Police have found charred human remains of what they suspect is ex-police officer Christopher Dorner, accused of several killings in the Los Angeles area. But during the manhunt for the ex-cop, police received eyewitness reports of the ex-cop in dozens of places around Southern California in the past few days.
Heavily armed police officers descended on a Kentucky Fried Chicken outlet in Tarzana after a tipster said Dorner might be inside; the police arrested one innocent African-American man who barely resembled Dorner, soon releasing him.
Dorner was soon spotted at a Lowe's home improvement store in Northridge, causing the outlet to be evacuated and a SWAT team to be dispatched, but the suspect wasn't there either; he was also reported at Men's Central Jail in downtown Los Angeles, and so on. At last report, Dorner was said to be in the San Bernardino Mountains — where he was ultimately found at Big Bear — though tips continued to place him elsewhere.
The public can often play an instrumental role in helping find missing persons; it is how Elizabeth Smart was eventually recovered after being abducted from her Salt Lake City home in 2002. But such tips can also be completely wrong. [Mistaken Identity? 10 Contested Death Penalty Cases]
In 2002 two snipers attacked the Washington, D.C., area and terrorized much of the public. Based upon eyewitness descriptions, law enforcement agencies alerted people to look out for suspects in a white van. Thousands of vehicles were stopped and searched, jamming highways for miles. The focus on a white van intensified after a shooting outside a store in suburban Virginia, when a man claimed to have seen the killer standing next to such a vehicle. The witness later admitted that he lied to police, likely seeking media attention.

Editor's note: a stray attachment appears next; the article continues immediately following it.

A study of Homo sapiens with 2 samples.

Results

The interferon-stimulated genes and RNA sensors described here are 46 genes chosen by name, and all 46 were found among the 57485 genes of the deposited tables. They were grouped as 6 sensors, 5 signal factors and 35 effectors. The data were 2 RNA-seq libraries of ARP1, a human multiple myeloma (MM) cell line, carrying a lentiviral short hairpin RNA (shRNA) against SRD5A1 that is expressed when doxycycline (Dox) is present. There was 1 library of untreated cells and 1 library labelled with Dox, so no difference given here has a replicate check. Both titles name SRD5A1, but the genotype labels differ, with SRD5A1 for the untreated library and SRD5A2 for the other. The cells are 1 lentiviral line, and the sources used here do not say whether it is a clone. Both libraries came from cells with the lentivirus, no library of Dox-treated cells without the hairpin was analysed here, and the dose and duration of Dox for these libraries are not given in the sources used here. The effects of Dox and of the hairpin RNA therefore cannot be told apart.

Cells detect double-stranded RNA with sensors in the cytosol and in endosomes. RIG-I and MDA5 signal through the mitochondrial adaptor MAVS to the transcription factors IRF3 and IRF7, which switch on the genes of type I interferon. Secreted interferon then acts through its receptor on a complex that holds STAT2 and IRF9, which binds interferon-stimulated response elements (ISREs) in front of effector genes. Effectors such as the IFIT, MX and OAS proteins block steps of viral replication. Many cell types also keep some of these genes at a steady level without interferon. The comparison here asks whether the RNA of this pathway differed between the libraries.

While some false sightings are pranks meant to get attention, most come from sincere eyewitnesses trying to help out. Elvis Presley-sighting jokes aside, these reports pose a real problem for police. It is not uncommon, especially in high-profile hunts for fugitives or missing persons, for dozens or hundreds of sightings to be reported to law enforcement. Police, of course, must treat all sightings and reports as potential leads; ignoring a valid tip might cost lives.
The many false sightings of Dorner were not unique. One of the most famous cases of false sightings occurred with the disappearance of a 3-year-old British girl named Madeleine McCann, last seen at a resort in Portugal in May 2007. Her presumed abduction made international news, and photos of McCann circulated widely as police and the girl's family hoped for tips from the public. This led to McCann being "sighted" in dozens of different places in Europe and around the world, from Belgium to Brazil, Australia to Africa, by eyewitnesses who reported the girl.
All of this has implications for psychology and eyewitness reliability; if you tell people what to look for, any face or physique that is even remotely similar (large black male, small blonde girl) can become a (false)-positive identification. By some estimates, as many as one-third of eyewitness identifications in criminal cases are wrong, and nearly 200 people who were convicted of crimes based on positive eyewitness identifications were later exonerated through DNA evidence.
In the Dorner case, the $1 million reward offered for information that led to his capture understandably increased the public's incentive for reporting all potential sightings.
Benjamin Radford is deputy editor of "Skeptical Inquirer" science magazine and author of six books including "Media Mythmakers: How Journalists, Activists, and Advertisers Mislead Us." His Web site is www.BenjaminRadford.com.